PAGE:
Gaining awareness on my best sailing day yet in Antigua

Personalized sailing instruction in Antigua. Fantastic. This is the subject of today’s blog entry.

I had this sort of instruction today, following my RYA Competent Crew course. Today, my instructor was Kishawn Harrigan, Lead Skipper of Ondeck Sailing, and he was assisted by Ondeck crew members, Concorde and Rex. So, the teacher to student ratio was better than one-to-one.

I successfully completed the RYA Competent Crew course last week. But, I have areas I want to work on. Throughout the day, it became clear to me I need to work on awareness – wind, direction of travel, speed, distance, fatigue, and hazards like swimmers, and rocks.

Today’s crew was eclectic. There was me, learning to sail and typically Canadian, apologizing for every screw up. Kishawn, skippering the boat and showing the patience of a saint, Concorde who was gaining experience to complete his RYA Day Skipper course, and Rex, who had dreadlocks, an enormous sea shell necklace and was lying prone in one of the berths when I arrived. He sang intermittently.

The areas I wanted to work on included: helming the boat and staying on course, mooring the boat, and using a dinghy with a motor. We managed to complete these objectives today.

First, I helmed a round trip from Falmouth Harbour to Nelson’s Dockyard. It took me two hours, heading out over big Atlantic waves. The crew was really encouraging. Even Rex assumed a more vertical position when we were about to tack. He said I was sailing better than he did on his first day.

Kishawn suggested that I tack using the feel of the boat rather than a firm 120 degree angle. His approach to sailing is a bit like flying a kite – his point was that you could fly a kite with precise, mathematical instruction but why would you want to?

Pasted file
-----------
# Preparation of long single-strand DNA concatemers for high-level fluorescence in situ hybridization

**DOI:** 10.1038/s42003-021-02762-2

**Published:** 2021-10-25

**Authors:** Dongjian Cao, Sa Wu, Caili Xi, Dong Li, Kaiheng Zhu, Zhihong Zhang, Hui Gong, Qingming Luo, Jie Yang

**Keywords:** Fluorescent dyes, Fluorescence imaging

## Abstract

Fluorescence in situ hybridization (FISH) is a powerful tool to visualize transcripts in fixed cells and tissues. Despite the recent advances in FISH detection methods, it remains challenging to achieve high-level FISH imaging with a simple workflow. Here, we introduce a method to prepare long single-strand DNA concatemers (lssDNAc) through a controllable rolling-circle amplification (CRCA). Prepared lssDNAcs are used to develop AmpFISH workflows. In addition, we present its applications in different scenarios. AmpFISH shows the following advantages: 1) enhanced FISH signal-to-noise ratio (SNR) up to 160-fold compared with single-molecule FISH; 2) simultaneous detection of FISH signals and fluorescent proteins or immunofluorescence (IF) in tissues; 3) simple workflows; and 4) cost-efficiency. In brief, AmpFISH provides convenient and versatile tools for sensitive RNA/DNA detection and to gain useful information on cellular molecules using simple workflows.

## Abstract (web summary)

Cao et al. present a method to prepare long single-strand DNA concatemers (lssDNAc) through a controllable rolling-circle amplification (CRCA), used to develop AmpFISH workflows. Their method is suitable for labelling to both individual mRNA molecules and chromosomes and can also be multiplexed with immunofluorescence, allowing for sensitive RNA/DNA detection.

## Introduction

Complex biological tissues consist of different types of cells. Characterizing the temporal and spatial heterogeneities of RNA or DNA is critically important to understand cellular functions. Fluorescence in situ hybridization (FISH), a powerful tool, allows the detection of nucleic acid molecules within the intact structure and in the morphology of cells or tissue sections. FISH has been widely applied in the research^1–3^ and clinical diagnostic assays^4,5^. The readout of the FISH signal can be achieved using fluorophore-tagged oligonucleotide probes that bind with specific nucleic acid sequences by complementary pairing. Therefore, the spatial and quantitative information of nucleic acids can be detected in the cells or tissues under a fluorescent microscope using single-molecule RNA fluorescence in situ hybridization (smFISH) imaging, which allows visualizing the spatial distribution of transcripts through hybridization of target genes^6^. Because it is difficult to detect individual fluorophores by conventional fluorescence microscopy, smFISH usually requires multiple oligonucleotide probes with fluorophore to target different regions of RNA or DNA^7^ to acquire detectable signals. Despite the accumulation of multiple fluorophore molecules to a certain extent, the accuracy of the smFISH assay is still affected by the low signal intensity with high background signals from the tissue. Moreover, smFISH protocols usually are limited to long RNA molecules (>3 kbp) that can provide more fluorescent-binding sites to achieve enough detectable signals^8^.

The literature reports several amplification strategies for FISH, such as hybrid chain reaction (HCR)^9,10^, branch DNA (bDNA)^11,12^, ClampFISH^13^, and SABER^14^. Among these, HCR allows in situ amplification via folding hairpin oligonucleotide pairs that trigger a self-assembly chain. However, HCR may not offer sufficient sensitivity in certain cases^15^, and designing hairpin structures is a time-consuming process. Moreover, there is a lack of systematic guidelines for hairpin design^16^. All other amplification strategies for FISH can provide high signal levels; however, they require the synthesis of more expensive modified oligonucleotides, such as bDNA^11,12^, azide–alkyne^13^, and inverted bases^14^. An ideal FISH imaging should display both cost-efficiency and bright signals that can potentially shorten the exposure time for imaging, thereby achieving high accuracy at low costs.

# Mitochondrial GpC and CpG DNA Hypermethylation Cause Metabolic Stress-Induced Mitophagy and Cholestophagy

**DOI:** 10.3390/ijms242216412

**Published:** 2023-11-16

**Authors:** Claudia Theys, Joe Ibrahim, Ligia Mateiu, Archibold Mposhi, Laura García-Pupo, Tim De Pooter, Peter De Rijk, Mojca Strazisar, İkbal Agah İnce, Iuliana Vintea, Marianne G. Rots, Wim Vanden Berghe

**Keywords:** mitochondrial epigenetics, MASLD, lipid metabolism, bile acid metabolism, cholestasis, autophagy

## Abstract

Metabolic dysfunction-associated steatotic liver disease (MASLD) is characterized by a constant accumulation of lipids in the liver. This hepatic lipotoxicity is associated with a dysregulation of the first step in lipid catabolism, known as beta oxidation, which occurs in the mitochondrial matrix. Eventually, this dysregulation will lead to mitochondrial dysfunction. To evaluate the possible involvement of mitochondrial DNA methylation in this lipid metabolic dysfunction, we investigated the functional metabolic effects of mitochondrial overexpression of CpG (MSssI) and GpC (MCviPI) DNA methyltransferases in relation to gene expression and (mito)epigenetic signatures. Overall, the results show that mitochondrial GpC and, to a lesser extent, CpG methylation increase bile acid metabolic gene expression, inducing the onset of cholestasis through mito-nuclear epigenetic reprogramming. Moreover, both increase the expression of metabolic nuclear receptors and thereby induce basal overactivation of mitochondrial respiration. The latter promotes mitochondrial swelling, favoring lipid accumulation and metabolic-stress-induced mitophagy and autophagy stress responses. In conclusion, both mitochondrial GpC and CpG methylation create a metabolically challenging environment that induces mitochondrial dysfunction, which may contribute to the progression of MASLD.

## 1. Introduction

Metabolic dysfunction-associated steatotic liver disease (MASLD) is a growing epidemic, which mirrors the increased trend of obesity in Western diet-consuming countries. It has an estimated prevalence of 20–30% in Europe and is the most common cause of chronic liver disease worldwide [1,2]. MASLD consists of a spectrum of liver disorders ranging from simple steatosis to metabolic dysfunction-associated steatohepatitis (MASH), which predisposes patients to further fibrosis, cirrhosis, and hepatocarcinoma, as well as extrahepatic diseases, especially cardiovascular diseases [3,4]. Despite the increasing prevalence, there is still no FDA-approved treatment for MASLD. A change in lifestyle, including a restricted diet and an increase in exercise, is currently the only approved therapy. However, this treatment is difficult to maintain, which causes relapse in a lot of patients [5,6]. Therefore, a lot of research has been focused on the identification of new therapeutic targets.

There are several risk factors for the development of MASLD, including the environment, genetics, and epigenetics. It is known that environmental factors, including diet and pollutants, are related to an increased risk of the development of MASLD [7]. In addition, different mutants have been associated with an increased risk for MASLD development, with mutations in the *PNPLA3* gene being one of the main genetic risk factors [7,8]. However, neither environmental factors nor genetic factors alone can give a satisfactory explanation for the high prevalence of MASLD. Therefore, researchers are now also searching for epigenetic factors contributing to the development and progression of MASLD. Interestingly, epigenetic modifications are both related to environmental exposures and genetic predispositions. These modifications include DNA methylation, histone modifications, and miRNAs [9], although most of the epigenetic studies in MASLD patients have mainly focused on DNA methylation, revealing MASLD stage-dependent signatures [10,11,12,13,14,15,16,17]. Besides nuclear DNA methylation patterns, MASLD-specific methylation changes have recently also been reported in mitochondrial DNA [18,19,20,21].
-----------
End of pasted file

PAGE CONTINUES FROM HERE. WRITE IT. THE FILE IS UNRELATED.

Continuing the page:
I haven’t been drinking coffee and was very tired and hungry by the time we got to Nelson’s Dockyard. My thoughts drifted to this blog, and how much work there was to do before we move at the end of June. I struggled to remain focused. I hadn’t eaten for more than six hours so Kishawn took the helm for a few minutes while I scarfed down a bag of peanuts.

We returned to Falmouth Harbour, and after lunch, the focus was on mooring a boat. I could helm the boat into the docking area with some instruction, but couldn’t reverse the boat to save my life, and struggled to determine distance to the dock.

At times, it felt like I was about to plough into the dock with reckless abandon. I was steering all over and Kishawn reminded me to stay aware of my surroundings: multi-million dollar surroundings. As a general rule – and this common sense rule doesn’t just apply to new sailors like me – Kishawn said to never dock near a super yacht.

We ended the day with me driving the dinghy. Motorized dinghy driving is quite easy but awareness is key. I kept my speed low and watched for swimmers, the shallows and chains set out to anchor. Kishawn said that France and French colonies such as Guadeloupe require a license to operate a vessel like a dinghy. So, I have another course to add to my bucket list.

I plan to complete my VHF exam on Monday morning. And, I have two more days of personalized instruction with Ondeck before I go home to Canada. I could pinch myself the instruction is that helpful.

I’ve been sailing for six days straight. Tonight, I’m staying at the Pineapple House and looking forward to the awareness I will gain with a good night’s sleep and a morning coffee.